About a decade ago I sold, gave away, donated, or recycled the vast majority of my belongings. All I was left with was a small storage unit and an incredible amount of freedom.
Since then, I’ve never wanted to accumulate “stuff” again.
In the space that was created by getting rid of my things (and, coincidentally, moving to a mountain village in the Philippines for 4 months), I suddenly became so much more productive, but in an incredibly relaxed way.
That was when the Empath Yoga Teacher Training was born. It came out of the space that had opened up in my life.
Without scheduling demands, a house that needed constant cleaning, hours spent each week sitting in Central Florida traffic, and saying “yes” to things that I should have been saying “no” to, I suddenly found myself more creative, more focused, and more efficient than ever before.
When I came to the United States, I slowly took on more things, but always the desire to keep things simple, and the mantra “less is more” has been of paramount importance to me.
Because with that space comes the freedom to travel, to create, and to just be.
Recently minimalism has hit the world stage, and it’s sparked a conversation that I think has been long overdue.
And it made me realize I’ve been a minimalist for a long time…I just never called it that.
But regardless of what you want to call it, it’s really about realizing that less is more, and enjoying having space in our lives.
That space could show up in our homes by getting rid of the excess. This, of course, is entirely subjective, and must be determined by each of us individually.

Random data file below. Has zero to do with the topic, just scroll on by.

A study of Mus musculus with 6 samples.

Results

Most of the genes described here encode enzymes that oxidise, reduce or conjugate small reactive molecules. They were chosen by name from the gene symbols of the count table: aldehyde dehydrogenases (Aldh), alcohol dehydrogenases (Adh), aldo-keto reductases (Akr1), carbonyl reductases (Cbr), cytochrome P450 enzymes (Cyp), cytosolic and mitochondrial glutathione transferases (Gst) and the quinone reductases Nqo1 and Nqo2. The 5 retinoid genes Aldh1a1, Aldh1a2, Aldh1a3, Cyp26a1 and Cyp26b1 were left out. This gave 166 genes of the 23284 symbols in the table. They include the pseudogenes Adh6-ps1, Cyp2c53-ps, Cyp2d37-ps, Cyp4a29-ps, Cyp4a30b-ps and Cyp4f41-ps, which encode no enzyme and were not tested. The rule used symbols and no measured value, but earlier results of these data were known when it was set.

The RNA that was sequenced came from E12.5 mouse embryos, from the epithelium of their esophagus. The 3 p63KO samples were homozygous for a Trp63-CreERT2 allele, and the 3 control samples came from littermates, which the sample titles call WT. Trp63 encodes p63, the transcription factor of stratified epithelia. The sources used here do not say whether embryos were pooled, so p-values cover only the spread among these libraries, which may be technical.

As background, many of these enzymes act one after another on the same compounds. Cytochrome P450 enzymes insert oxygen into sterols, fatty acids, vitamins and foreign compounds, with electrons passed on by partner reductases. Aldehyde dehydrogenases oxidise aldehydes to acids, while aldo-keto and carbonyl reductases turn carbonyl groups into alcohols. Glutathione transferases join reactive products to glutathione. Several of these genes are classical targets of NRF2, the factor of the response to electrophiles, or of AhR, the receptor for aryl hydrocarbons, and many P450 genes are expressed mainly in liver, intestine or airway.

It could show up in our schedules by not overfilling our day and say “no” so we can say “yes” to what matters most.
It shows up in our bodies when we do yoga, expanding in those places where we were contracted.
And it shows up in our minds when we meditate, allowing room to open up between our thoughts so that we are living with more awareness, and more intention.
Even more recently the show “Tidying Up” with Marie Kondo has been shaking things up in a lot of homes. Which makes me realize that there are a whole lot of people in the world today feeling overwhelmed, heavy, congested, and not at all light and free.
This is most obvious in our homes, because there are things making that apparent to us.
What is less obvious is how this shows up in other areas of our lives. For example, how many of us are feeling stuck, weighted down by the emotional energy of our past because we don’t know what to do with it?
How many of us are feeling depressed or anxious, if not stressed, because of the thoughts that we ruminate over, or the many different thoughts that are tripping over themselves vying for our attention?
I was gearing up to do a podcast about this topic of minimalism because, while I’ve never really called it that, it’s been present in my life for about a decade now. But just before I went into the recording studio (which, by the way, is really nothing more than a walk-in closet in my bedroom), I heard back from Patrick Rhone.
I first learned of Patrick Rhone when he was among the few that were included in a documentary called Minimalism, A Documentary About The Important Things. Patrick is also the author of the book ENOUGH.
While I was just about to push “record” and do my own podcast on the topic, when I heard back from Patrick I decided to turn this into a conversation. And it is one I thoroughly enjoyed having.
Listen in as Patrick and I discuss what minimalism means to us, how to live as a minimalist (whether or not you choose to label it) when your spouse or partner is not, and the other surprising ways living with less can enhance the quality of our lives.